NC immunization requirements take effect in July
Posted June 25, 2015
Kids are enjoying the summer now, but it's not too early for parents to begin planning for the start of school.
Modified vaccine requirements go into effect in the state on Wednesday. Families will have 30 days to comply after the first day of school.
Even though new immunization requirements for North Carolina take effect on July 1, families with young children have been lining up for the vaccine around the Triangle area.
“For seventh-graders or 12-year-olds—whichever comes first—kids have to have the meningococcal conjugate vaccine, the MCV,” said Gail Harris, director of the Durham County health department. “They have to have that to get into the seventh grade or when they become 12.”
Harris says the Tdap vaccine is now required for seventh-graders, or 12-year-olds, instead of for sixth-graders as it was in the past.
Tdap is a combination vaccine for tetanus, diphtheria and pertussis—also known as whooping cough.
“Polio vaccines, ideally, that would be given at age 4, but they must get it before they become kindergartners,” Harris said.
The chickenpox vaccine, also known as Varicella, must be given in two doses, at least 28 days apart. The first dose is on, or after, 12 months of age but before 19 months of age. The second dose must be administered by age 4, before entering school. A 30-day grace period begins on the first day of school.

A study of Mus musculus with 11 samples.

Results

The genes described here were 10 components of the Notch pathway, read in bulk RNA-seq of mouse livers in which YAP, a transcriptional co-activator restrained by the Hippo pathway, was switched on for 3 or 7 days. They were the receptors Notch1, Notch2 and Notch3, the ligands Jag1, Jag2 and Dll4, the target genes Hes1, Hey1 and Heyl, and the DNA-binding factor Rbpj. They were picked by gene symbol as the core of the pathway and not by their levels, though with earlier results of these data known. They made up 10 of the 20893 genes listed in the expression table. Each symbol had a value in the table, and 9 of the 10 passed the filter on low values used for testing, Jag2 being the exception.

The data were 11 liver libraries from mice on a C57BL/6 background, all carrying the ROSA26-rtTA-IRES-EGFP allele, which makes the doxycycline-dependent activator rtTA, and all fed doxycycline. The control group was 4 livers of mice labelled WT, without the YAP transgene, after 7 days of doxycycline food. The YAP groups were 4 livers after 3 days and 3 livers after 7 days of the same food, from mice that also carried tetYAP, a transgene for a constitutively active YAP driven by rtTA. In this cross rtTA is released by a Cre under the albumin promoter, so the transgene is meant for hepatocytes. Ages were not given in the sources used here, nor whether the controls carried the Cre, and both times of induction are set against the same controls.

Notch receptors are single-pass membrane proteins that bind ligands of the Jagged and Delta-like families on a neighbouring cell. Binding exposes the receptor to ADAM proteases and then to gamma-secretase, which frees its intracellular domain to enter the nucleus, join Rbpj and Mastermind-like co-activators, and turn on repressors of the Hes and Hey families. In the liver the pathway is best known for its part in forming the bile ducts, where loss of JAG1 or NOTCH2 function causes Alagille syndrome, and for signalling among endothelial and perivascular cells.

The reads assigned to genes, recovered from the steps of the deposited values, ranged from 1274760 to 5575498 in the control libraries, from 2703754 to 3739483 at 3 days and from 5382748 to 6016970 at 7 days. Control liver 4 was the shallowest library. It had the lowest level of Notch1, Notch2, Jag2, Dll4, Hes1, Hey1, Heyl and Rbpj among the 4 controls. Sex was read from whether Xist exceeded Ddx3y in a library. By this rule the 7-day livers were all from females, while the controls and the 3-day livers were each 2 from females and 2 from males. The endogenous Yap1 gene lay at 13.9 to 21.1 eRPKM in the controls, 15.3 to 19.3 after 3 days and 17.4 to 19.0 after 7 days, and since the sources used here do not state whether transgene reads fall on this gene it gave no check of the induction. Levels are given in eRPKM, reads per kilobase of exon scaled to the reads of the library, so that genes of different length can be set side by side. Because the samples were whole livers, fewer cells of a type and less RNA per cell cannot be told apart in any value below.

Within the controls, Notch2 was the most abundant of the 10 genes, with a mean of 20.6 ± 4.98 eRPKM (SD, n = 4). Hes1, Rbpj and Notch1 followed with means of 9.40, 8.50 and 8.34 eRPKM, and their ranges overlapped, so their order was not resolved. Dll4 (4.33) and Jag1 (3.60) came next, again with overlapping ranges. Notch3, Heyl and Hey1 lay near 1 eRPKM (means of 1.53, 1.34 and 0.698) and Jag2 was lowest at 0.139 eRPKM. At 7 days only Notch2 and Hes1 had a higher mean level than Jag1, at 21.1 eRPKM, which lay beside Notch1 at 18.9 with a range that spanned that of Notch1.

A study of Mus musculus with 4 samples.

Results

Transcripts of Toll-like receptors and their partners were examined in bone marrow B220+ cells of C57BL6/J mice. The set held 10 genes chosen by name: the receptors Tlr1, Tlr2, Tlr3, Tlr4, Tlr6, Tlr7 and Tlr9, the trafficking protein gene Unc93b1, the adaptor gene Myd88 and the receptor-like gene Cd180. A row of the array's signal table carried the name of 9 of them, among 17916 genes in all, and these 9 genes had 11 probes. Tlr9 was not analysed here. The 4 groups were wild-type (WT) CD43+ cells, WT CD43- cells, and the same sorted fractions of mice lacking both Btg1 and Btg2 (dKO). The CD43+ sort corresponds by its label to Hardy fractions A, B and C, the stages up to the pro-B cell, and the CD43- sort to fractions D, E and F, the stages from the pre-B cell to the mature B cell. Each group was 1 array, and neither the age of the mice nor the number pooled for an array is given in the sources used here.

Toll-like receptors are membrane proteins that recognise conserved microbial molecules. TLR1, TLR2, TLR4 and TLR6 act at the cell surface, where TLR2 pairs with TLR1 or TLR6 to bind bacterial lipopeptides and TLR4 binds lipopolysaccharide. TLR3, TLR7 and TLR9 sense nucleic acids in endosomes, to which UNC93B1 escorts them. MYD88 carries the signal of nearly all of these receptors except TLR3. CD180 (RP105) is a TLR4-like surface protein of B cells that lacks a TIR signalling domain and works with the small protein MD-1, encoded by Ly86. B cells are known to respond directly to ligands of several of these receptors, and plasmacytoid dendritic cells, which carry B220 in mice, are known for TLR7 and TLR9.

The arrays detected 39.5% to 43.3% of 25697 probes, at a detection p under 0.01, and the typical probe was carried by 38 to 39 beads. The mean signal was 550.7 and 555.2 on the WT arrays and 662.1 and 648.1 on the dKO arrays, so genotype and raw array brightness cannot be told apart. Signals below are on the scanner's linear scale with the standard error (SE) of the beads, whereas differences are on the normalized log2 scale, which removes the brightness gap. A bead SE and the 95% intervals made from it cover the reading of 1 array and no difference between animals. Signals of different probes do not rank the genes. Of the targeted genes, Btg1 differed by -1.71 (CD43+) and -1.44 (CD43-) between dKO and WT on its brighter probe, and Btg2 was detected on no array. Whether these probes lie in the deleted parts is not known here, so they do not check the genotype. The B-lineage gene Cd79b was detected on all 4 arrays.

According to Harris, children will be suspended by school if they do not receive immunization after the 30-day grace period.
“There are certain exemptions, but because we've seen certain re-emerging diseases like measles and polio in different parts of the country, public health officials want to strictly enforce vaccination requirements,” WRAL News heath expert Dr. Allen Mask said. “Talk to your doctor or local health department about your child's vaccination needs.”
For more information and questions about the changes, visit the North Carolina immunization website.